Beltane & May Day
One of the long-surviving traditions is the dance around the Maypole. While it's connotations are sexual, there was not a lot of sexual activity actually involved in ancient rituals celebrating fertility. Maidens dancing around a phallic symbol, representing the solidarity & necessity of fertility - a tale as old as time. Variations of the Maypole dance exist in civilizations, and for hundreds of years. May was a time to celebrate the end of winter, the end of depressing conditions (usually involving powerful hunger), and welcoming green trees, fields, and a hopeful, abundant harvest. This included the abundance of births that would be arriving, as cold winter months often spurred sex as a popular, warming, indoor activity. Which meant many wives would be showing their pregnant tummies by the time May arrived.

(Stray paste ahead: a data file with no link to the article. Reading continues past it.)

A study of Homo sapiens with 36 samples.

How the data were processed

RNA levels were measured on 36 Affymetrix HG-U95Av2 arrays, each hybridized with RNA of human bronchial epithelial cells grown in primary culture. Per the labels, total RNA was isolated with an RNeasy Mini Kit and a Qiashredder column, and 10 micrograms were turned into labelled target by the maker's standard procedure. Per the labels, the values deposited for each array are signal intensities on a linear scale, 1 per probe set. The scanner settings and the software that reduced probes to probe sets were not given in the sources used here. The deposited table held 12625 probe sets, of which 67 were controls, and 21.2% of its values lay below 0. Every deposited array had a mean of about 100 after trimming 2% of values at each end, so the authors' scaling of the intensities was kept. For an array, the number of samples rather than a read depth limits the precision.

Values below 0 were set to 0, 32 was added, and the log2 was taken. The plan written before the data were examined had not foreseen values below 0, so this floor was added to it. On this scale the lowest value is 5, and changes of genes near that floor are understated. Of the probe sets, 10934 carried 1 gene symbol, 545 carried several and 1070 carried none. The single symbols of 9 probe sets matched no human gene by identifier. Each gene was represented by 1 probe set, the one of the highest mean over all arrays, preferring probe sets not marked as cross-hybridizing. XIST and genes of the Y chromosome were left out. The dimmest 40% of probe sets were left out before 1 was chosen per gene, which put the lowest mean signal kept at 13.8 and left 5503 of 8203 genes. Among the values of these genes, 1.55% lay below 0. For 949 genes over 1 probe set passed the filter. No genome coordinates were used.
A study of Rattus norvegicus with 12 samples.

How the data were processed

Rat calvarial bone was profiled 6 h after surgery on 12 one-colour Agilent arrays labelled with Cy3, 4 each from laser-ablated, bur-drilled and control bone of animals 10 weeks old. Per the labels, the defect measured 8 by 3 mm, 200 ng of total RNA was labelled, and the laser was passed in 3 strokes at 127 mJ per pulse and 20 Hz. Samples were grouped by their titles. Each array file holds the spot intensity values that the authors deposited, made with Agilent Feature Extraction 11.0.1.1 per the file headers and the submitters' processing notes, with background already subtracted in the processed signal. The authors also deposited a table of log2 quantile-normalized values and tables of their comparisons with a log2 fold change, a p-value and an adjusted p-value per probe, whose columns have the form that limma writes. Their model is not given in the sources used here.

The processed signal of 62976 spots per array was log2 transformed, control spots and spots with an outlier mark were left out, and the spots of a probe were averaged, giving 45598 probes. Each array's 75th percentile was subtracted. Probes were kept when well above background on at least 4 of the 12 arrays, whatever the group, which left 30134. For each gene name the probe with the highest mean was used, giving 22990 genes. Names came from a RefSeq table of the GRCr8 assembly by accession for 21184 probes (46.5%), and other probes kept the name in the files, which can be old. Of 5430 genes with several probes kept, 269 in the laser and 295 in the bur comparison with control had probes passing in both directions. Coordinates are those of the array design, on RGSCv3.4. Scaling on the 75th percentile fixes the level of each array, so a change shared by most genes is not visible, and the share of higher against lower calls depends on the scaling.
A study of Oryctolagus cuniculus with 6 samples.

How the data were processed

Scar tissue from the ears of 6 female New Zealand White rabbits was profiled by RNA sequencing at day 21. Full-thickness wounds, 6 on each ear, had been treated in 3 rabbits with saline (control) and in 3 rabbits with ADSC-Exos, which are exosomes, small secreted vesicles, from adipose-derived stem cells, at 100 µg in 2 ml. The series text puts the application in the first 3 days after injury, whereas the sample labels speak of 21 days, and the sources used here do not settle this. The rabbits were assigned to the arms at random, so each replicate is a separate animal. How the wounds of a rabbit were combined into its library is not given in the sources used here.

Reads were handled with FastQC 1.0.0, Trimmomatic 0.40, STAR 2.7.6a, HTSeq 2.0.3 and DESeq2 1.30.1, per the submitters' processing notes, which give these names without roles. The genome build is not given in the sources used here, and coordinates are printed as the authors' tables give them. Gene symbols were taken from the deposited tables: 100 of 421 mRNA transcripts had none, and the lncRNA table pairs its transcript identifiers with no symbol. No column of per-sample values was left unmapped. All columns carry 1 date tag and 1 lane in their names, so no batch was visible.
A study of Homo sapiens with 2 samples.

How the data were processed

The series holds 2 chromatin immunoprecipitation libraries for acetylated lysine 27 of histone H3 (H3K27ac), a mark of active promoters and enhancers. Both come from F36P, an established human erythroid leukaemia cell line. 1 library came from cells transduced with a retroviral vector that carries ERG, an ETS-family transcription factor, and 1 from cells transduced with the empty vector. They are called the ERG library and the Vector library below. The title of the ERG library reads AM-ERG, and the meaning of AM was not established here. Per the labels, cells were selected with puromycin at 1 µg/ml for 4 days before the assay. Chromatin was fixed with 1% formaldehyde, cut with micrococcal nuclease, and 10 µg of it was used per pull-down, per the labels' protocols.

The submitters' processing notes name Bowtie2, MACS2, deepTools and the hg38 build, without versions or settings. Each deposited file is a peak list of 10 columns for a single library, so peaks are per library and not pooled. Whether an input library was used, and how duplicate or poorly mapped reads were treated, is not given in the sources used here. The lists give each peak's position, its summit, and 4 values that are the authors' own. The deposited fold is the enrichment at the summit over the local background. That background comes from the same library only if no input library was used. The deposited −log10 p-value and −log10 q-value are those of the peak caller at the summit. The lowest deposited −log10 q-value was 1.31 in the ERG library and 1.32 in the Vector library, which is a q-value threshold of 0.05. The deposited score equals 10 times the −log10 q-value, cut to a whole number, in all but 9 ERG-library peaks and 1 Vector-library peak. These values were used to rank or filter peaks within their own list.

Most of the rituals associated with Beltane and May Day were symbolic; meant to infer what they were celebrating rather than being literal. While the celebration of Bel's fires are largely lost on the civilized populous, as we can simply drive to the grocery rather than have to toil our own farms, the symbolic nature of the need for a bountiful harvest, a fertility of family & livestock to perpetuate existence, and the unity of community thrives in the 21st century.
We can all connect with the idea of prosperity, as well as the ideas of romance, embracing sexuality, and for some reproduction. It is a time for spreading seeds... metaphorically and literally.
In all cases people around the world will be celebrating long-standing, pagan rituals which draw us closer to the powers of our Earth, ourselves, and giving us the uplifting footprint of hope, prosperity, romance, and excitement for what the future holds.